Juan Manuel Santos, a veteran defense minister and political heir to conservative President Alvaro Uribe, surged well ahead in voting Sunday in Colombia’s hard-fought presidential election but fell just shy of winning the simple majority that would have given him the office.
Belying most preelection polls, Santos won more than twice as many votes as his nearest rival, former Bogota Mayor Antanas Mockus, an eccentric underdog whose novel, colorful campaign had put him in serious competition with the better-established Santos.
The two will head for a runoff on June 20 unless Mockus drops out. Santos’ huge margin in Sunday’s vote, and his likely ability to win support from many of the seven other candidates in the race, seems to all but assure his eventual victory.
Jobs and public safety were issues that dominated the race. Voting on Sunday was largely peaceful, with security forces on high alert.
With all votes counted, Santos took 46.6% to 21.5% for Mockus.
Analysts, noting that polls had erroneously suggested a much closer race, said Mockus may have been judged too much of a novice on the national stage, even though his campaign resonated with Colombians weary of corruption and yearning for greater democracy and an emphasis on social programs.
In the end, Santos was seen as the safer bet, the analysts said.
“This was clearly a vote for continuity,” said Cynthia Arnson, director of the Latin American program at the Woodrow Wilson International Center for Scholars in Washington.
Santos, who served as defense minister during the Uribe administration’s successful battles against leftist guerrillas, was the front-runner during much of the campaign. He capitalized on his relationship with the president, promising to continue the security gains that had transformed Colombia in the last decade.
Uribe, still a popular chief executive and a fervent U.S. ally, is widely credited with using an iron hand to bring Colombia back from the brink of disaster, an era when cocaine kingpins, paramilitaries and rebels stoked widespread violence.
But his administration has been repeatedly rocked by scandals, including cases of domestic spying and illegal killings of civilians by soldiers. A brother has been linked to death squads, a charge both deny.
That may initially have eroded some of Santos’ support and helped create an opening for Mockus, a two-time mayor of Bogota and son of Lithuanian immigrants. He came from virtually nowhere and, using social media such as Facebook and other novel campaign tactics, gave Santos a run for his money.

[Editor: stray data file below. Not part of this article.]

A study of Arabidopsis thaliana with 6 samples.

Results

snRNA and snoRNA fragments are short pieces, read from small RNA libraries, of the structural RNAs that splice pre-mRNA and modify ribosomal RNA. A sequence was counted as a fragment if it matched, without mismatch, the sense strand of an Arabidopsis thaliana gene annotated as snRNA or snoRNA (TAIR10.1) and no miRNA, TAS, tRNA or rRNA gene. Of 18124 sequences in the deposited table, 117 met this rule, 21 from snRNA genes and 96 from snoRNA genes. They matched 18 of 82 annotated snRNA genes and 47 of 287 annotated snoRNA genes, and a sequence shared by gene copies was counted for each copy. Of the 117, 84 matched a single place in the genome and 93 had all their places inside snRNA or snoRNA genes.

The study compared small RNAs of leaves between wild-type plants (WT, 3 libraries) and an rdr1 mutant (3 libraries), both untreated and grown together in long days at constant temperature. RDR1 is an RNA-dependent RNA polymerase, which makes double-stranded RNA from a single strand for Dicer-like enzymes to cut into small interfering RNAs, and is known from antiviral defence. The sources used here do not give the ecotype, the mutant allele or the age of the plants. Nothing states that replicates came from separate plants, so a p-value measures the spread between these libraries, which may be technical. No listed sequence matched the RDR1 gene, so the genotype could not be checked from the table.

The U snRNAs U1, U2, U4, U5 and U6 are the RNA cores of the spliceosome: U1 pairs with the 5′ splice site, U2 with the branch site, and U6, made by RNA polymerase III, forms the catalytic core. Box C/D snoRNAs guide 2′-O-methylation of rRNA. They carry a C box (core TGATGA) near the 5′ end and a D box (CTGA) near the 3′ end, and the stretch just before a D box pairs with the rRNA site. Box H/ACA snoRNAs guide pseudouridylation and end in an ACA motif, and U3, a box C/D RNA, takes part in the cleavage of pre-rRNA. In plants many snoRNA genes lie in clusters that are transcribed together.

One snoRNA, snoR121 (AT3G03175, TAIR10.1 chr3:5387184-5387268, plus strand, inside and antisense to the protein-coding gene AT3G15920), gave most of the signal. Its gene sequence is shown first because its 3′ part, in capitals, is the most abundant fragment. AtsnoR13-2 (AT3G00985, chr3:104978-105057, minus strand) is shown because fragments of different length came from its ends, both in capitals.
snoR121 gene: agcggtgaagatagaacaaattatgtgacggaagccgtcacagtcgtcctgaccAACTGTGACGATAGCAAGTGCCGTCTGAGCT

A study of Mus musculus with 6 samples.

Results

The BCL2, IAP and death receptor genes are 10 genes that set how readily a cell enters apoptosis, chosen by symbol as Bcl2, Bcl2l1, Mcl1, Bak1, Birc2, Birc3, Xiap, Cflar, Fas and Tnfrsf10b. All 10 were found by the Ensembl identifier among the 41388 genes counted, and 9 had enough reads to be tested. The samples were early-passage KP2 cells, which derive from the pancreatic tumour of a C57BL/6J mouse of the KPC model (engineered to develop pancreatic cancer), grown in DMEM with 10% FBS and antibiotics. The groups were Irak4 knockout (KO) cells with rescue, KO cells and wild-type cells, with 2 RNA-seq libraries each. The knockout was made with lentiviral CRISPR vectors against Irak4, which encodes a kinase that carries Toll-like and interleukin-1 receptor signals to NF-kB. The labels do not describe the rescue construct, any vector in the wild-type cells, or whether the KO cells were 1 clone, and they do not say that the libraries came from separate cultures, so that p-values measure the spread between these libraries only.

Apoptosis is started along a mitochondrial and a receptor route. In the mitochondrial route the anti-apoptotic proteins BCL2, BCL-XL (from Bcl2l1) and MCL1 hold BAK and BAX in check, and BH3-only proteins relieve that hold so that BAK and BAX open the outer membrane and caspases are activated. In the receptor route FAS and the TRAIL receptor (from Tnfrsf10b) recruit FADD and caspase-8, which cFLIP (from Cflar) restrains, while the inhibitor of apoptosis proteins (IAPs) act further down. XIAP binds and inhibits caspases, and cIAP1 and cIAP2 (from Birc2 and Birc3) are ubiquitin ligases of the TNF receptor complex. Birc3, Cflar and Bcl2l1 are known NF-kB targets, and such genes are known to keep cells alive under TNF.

A mathematician and former university rector who represents the Green Party, the bearded Mockus also emphasized the need to eradicate corruption and create jobs and has pushed for “good citizenship” among Colombians.
“I love the way he does politics, far from the traditional model, and that makes me have confidence in him,” said Uwaldo Cadavid, a 38-year-old engineer on his way to vote Sunday morning. Cadavid said he was casting his ballot for Mockus. “Traditional politics in Colombia is associated with corruption, and Mockus did a good job as mayor.”
But the kinds of fans generated by Facebook may not ultimately walk to their ballot stations, and more traditional Colombians appeared to make up a large part of the turnout.
Cecilia Parra, a 62-year-old pensioner, said she hoped Santos would succeed Uribe.
“He is strong and won’t allow himself to be dominated by the guerrillas or the opposition because he fears no one,” Parra said as she voted. “I like him because he will continue the work that Uribe started.”
Both candidates have said they will create jobs and slash unemployment, but only Mockus, 58, has indicated that he would raise taxes to achieve that goal. Santos, also 58, has vowed to maintain military pressure on guerrillas still fighting in Colombia’s countryside.
Mockus proved himself tough on crime during his stints as mayor of Bogota, but he also said education and social programs were needed to fight trafficking, drug use and insurgencies.
Both men have ruled out negotiations with the Revolutionary Armed Forces of Colombia, or FARC, Latin America’s last major rebel army.
Special correspondent Gonzalez reported from Bogota and Times staff writer Wilkinson from Mexico City.